The U.S. dollar is mostly unchanged overnight, with the Bloomberg U.S. Dollar Index flat. The greenback has gained modestly early this week after strong Non-Farm payroll data on Friday boosted prospects that the Federal Reserve may raise again in 2016. Prior to the Friday’s jobs data, the chances of a Fed hike sat at 38%, but have since risen to nearly 50.0%, boosting the greenback.
Today’s economic docket will remain light with only second tier data slated for release.Nonfarm productivity contracted 0.5% in the second quarter, weaker than expected. The print has had little effect on the greenback. Later wholesale inventories are expected to register flat in June, from a modest uptick of 0.1% in the month prior.
The major risk event of the week remains Friday’s release of Advanced Retail sales. Traders will use this print to gauge the health of the overall economy in an effort to predict the Fed’s future monetary policy. The central bank appears to be balancing an improved labor market with slowing GDP. It is our belief the Federal Reserve wishes to keep the can down the road into 2017 as global risks still threaten the American economy.
The New Zealand dollar continues to hold near its yearly highs against the U.S. dollar, even as the Reserve Bank of New Zealand looks to slash interest rates. Futures show that traders are certain the RBNZ will reduce its cash rate by 25 basis points at Thursday’s meeting. But more than half expect the central bank to cut rates by at least 50 basis points by November. There is only a 20% chance of a 50 basis point cut this week.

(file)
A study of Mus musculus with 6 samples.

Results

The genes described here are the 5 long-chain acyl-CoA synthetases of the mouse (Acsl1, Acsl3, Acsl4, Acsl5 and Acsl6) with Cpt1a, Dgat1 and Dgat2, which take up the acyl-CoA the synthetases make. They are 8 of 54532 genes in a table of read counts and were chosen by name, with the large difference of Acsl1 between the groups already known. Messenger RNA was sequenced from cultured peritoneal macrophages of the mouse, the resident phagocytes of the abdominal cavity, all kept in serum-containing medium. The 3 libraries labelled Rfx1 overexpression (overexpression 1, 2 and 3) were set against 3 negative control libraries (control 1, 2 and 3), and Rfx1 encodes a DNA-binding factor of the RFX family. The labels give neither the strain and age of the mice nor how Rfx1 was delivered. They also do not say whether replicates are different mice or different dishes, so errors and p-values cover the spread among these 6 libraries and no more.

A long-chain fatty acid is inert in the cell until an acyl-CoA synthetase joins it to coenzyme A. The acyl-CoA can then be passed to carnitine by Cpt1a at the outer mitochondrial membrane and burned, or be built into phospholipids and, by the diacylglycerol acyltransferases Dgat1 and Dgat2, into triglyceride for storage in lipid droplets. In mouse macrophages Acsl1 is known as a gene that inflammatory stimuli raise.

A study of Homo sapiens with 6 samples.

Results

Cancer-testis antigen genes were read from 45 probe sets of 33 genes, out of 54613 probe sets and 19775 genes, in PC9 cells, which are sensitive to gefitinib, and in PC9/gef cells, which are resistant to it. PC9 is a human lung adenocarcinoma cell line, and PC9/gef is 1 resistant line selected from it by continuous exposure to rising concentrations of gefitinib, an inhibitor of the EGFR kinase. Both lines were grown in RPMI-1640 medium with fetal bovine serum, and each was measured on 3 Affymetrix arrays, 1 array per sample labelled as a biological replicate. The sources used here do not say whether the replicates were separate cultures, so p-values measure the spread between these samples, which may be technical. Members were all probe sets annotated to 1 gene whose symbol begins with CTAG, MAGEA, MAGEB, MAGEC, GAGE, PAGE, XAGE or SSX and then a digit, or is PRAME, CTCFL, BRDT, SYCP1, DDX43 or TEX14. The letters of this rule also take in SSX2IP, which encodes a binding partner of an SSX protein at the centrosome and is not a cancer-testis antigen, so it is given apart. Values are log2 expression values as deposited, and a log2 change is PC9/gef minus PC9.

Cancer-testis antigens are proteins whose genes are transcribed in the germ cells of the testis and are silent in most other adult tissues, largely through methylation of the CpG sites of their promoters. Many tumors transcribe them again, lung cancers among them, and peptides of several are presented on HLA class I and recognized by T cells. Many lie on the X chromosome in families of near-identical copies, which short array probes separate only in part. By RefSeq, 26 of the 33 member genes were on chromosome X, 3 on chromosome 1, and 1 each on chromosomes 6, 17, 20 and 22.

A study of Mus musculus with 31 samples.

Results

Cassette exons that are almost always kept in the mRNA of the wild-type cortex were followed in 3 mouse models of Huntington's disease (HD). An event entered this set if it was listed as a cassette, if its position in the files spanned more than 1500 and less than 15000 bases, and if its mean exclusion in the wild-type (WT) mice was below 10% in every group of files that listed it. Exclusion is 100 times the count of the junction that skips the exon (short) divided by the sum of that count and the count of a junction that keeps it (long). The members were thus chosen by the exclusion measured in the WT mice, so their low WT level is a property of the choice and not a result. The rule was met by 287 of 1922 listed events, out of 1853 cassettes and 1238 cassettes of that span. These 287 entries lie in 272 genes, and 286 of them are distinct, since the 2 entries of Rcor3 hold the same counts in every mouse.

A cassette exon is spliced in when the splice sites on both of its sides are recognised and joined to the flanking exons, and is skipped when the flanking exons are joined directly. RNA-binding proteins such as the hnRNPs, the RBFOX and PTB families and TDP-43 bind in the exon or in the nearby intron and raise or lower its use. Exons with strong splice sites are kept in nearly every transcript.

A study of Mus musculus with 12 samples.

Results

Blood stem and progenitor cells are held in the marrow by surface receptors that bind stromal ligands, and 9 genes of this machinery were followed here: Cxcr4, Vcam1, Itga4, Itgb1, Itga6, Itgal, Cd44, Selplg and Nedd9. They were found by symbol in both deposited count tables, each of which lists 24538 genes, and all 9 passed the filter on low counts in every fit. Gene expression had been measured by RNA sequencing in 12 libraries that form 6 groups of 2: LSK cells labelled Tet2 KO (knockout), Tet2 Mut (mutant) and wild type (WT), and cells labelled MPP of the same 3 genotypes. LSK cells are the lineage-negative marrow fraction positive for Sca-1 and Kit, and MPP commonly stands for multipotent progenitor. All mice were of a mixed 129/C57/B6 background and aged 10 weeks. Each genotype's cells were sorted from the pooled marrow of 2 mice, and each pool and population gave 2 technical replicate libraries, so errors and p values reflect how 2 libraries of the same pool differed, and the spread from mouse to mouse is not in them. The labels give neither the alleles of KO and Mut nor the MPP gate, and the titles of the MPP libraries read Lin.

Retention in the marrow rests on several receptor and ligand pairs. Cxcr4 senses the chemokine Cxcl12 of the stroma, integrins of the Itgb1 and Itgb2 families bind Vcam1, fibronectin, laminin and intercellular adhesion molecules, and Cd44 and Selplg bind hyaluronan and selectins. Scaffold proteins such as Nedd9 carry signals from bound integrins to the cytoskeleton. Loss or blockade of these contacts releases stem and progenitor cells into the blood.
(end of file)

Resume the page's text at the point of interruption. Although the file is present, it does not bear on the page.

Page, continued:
RBNZ chief Graeme Wheeler has stated that he wants a weaker currency to boost import prices and drive inflation back into a 1-3% target band. An interest rate cut generally would do the trick, except markets have this week’s cut already priced in and interest rates are higher in New Zealand than many of its counterparts which attract foreign investment.
The British pound continued its decline against its American counterpart overnight, falling for a fifth consecutive day. The sterling is now 3.0% lower than a week ago and 13.0% weaker from before the “Brexit” vote.
The sterling came under renewed pressure overnight after Bank of England policy maker Ian McCafferty said that the central bank may entertain further rate reductions and additional quantitative easing may be warranted. The dovish comments come after the Bank of England cut rates last week for the first time since 2009 and added 170 billion pounds to its balance sheet. However, McCafferty’s dovishness is noteworthy considering he voted to increase rates as recently as January.
The sterling shrugged off some positive data as well, as retail sales rose at their fastest pace in six months. The bright spot was overwhelmed by McCafferty’s warnings and sluggish manufacturing and industrial data.